Former members of a suburban Cleveland high school rock orchestra report staying highly involved in music and that the experience prepared them to achieve in ways that came as a surprise.
Now ranging in age from 18 to 28, alumni of Lakewood (Ohio) High School’s rock orchestra, the Lakewood Project (TLP), reported gaining confidence to take intellectual and creative risks and other skills, according to a Case Western Reserve University music study.
Research exploring the long-term benefits of participating in the orchestra was published in the journal, Research Studies in Music Education.
Surveys were sent to 99 former members of the rock orchestra from 2002-11; 48 responded. Follow-up interviews were also conducted.
Lisa Huisman Koops, associate professor of music and corresponding author of the study, said the respondents reported several positive outcomes from their experience.
In addition to the rich musical benefits of participation and a willingness to take intellectual and creative risks in their lives, TLP alumni reported:
Learning how to communicate and work through group frustrations to resolve complex challenges.
And being comfortable in leadership positions—a skill developed when called on to manage the orchestra.
“These skills can apply to a number of areas in life and also are lifelong lessons learned from the music experience,” Koops said.
The researchers report music is still an important part of the former members’ lives, from teaching, performing professionally or for pleasure. Orchestra alumni are in various professions, such as non-profit arts organizations, movie production, teaching elementary and middle-school music and playing professionally. Several are undergraduate business majors.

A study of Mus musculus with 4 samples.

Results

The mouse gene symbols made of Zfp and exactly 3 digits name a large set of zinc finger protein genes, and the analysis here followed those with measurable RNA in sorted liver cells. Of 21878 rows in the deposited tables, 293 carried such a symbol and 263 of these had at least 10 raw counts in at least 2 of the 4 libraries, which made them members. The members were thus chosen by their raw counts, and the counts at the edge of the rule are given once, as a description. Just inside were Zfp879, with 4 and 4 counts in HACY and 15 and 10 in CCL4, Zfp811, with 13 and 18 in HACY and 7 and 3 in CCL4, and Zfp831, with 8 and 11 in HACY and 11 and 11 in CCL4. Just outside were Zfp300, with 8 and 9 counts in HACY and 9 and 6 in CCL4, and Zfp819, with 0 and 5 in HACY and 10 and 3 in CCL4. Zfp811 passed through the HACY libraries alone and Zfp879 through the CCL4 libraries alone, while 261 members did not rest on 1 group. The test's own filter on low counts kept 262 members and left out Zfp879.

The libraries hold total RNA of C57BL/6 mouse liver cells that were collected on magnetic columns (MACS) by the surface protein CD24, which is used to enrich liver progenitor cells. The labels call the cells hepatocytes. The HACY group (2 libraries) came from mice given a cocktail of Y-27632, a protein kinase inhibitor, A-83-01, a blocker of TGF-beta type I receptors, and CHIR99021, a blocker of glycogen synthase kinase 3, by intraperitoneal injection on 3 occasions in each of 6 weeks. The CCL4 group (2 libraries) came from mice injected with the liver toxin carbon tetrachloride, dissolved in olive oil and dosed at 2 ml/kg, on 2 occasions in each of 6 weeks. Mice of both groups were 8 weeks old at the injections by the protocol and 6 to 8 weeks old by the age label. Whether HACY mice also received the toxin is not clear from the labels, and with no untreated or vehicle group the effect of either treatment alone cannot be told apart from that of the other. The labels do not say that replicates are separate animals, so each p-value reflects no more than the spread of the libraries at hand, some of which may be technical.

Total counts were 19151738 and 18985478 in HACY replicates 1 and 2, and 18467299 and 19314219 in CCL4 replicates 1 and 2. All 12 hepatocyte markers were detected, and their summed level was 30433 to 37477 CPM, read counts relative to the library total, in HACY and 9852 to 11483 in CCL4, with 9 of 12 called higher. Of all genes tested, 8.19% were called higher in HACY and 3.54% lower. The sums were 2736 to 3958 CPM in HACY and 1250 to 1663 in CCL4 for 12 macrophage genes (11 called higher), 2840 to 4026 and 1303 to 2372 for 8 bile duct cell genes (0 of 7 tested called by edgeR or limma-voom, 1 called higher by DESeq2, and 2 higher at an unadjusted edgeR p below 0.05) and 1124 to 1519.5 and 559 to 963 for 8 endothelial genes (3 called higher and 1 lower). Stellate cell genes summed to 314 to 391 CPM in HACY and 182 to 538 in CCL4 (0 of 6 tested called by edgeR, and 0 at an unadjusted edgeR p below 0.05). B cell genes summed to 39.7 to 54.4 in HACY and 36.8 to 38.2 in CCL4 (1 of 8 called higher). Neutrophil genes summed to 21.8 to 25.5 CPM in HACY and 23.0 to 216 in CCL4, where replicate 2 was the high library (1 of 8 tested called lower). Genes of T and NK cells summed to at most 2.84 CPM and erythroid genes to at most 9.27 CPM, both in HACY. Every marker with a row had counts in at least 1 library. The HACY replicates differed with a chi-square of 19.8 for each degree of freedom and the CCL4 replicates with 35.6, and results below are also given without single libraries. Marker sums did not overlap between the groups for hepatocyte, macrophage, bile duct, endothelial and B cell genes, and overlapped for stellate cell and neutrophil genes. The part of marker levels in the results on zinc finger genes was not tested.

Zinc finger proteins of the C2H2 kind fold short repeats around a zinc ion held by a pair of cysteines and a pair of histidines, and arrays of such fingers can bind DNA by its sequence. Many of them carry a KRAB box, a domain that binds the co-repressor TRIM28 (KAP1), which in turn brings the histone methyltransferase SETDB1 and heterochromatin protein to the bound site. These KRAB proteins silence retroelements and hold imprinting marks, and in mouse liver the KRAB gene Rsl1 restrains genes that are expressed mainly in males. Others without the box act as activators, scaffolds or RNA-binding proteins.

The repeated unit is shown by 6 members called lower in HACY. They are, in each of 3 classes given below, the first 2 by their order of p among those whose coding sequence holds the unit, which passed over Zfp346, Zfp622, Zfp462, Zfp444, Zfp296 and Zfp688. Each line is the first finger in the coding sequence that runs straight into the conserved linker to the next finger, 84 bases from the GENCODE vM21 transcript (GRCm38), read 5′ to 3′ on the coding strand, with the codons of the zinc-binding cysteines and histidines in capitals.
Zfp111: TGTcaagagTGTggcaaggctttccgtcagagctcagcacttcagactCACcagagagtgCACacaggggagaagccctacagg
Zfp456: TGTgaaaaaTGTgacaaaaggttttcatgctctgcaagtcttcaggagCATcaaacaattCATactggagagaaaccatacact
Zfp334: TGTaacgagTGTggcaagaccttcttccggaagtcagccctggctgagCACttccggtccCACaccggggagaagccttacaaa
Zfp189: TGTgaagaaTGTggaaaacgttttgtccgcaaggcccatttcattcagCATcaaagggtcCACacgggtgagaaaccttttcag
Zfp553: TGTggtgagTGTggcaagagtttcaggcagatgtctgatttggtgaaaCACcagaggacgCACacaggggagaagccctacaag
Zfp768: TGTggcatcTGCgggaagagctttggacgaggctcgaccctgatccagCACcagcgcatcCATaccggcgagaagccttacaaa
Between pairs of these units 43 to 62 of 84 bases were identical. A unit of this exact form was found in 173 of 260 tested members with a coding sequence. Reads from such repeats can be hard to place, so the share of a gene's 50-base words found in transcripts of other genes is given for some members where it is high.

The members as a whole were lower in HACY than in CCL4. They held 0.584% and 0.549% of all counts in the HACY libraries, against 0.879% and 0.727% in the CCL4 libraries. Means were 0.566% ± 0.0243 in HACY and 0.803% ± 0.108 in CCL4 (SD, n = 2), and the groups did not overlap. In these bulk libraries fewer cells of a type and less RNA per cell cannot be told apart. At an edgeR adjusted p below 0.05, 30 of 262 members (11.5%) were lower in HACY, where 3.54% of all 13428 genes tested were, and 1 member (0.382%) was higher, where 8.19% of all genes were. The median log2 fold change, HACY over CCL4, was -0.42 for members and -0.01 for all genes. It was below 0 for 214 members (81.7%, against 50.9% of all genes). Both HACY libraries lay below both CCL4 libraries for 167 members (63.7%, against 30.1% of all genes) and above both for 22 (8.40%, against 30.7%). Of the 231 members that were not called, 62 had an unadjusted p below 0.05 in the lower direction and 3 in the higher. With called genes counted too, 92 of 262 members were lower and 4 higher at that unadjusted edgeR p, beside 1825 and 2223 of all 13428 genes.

As the orchestra’s director Elizabeth Hankins, also an author on the paper, said she was unaware of the impact that the learning environment would have on their development as young adults.
“Their ability to create, communicate and make decisions with a sense of confidence enables them to take advantage of opportunities that perhaps they might not have otherwise investigated,” Hankins said.
She reported that the informal learning experience contributed to their comfort in playing in most scenarios, whether a coffee shop, a friend’s house, a recording studio or in a professional setting.
“As a music educator, equipping students to continue to make music in adulthood is one of the ultimate goals,” Hankins said.
TLP rehearsals not only promoted learning music, but also sharing responsibilities of running the orchestra. The researchers said the former members felt the process was challenging and helpful.
One alumnus commented in his interview, “You felt like the group couldn’t survive without you.”
Another recalled having a strong voice in how the orchestra worked, increasing the students’ ability to communicate musically with each other.
The idea for the study arose during Koops’ music education class at Case Western Reserve.
Two of her students contributed to the study: Hankins and David Scalise, also a graduate music student and former director of Coventry High School’s funk band. Matthew Schatt, an adjunct assistant professor at the University of Florida and a music educator with the Independence Local School District, also contributed.
Koops’ students shared an interest in knowing more about how experiencing music in an informal setting influenced the high school musicians later in life.
Hankins described the rock orchestra as a student-led informal music experience in which its 41 members rotate in and out as players for the 26-member group that fuses the music of a traditional orchestra and a rock band.
The researchers’ next step is to learn how the experiences of the rock orchestra members can be incorporated into other school music groups.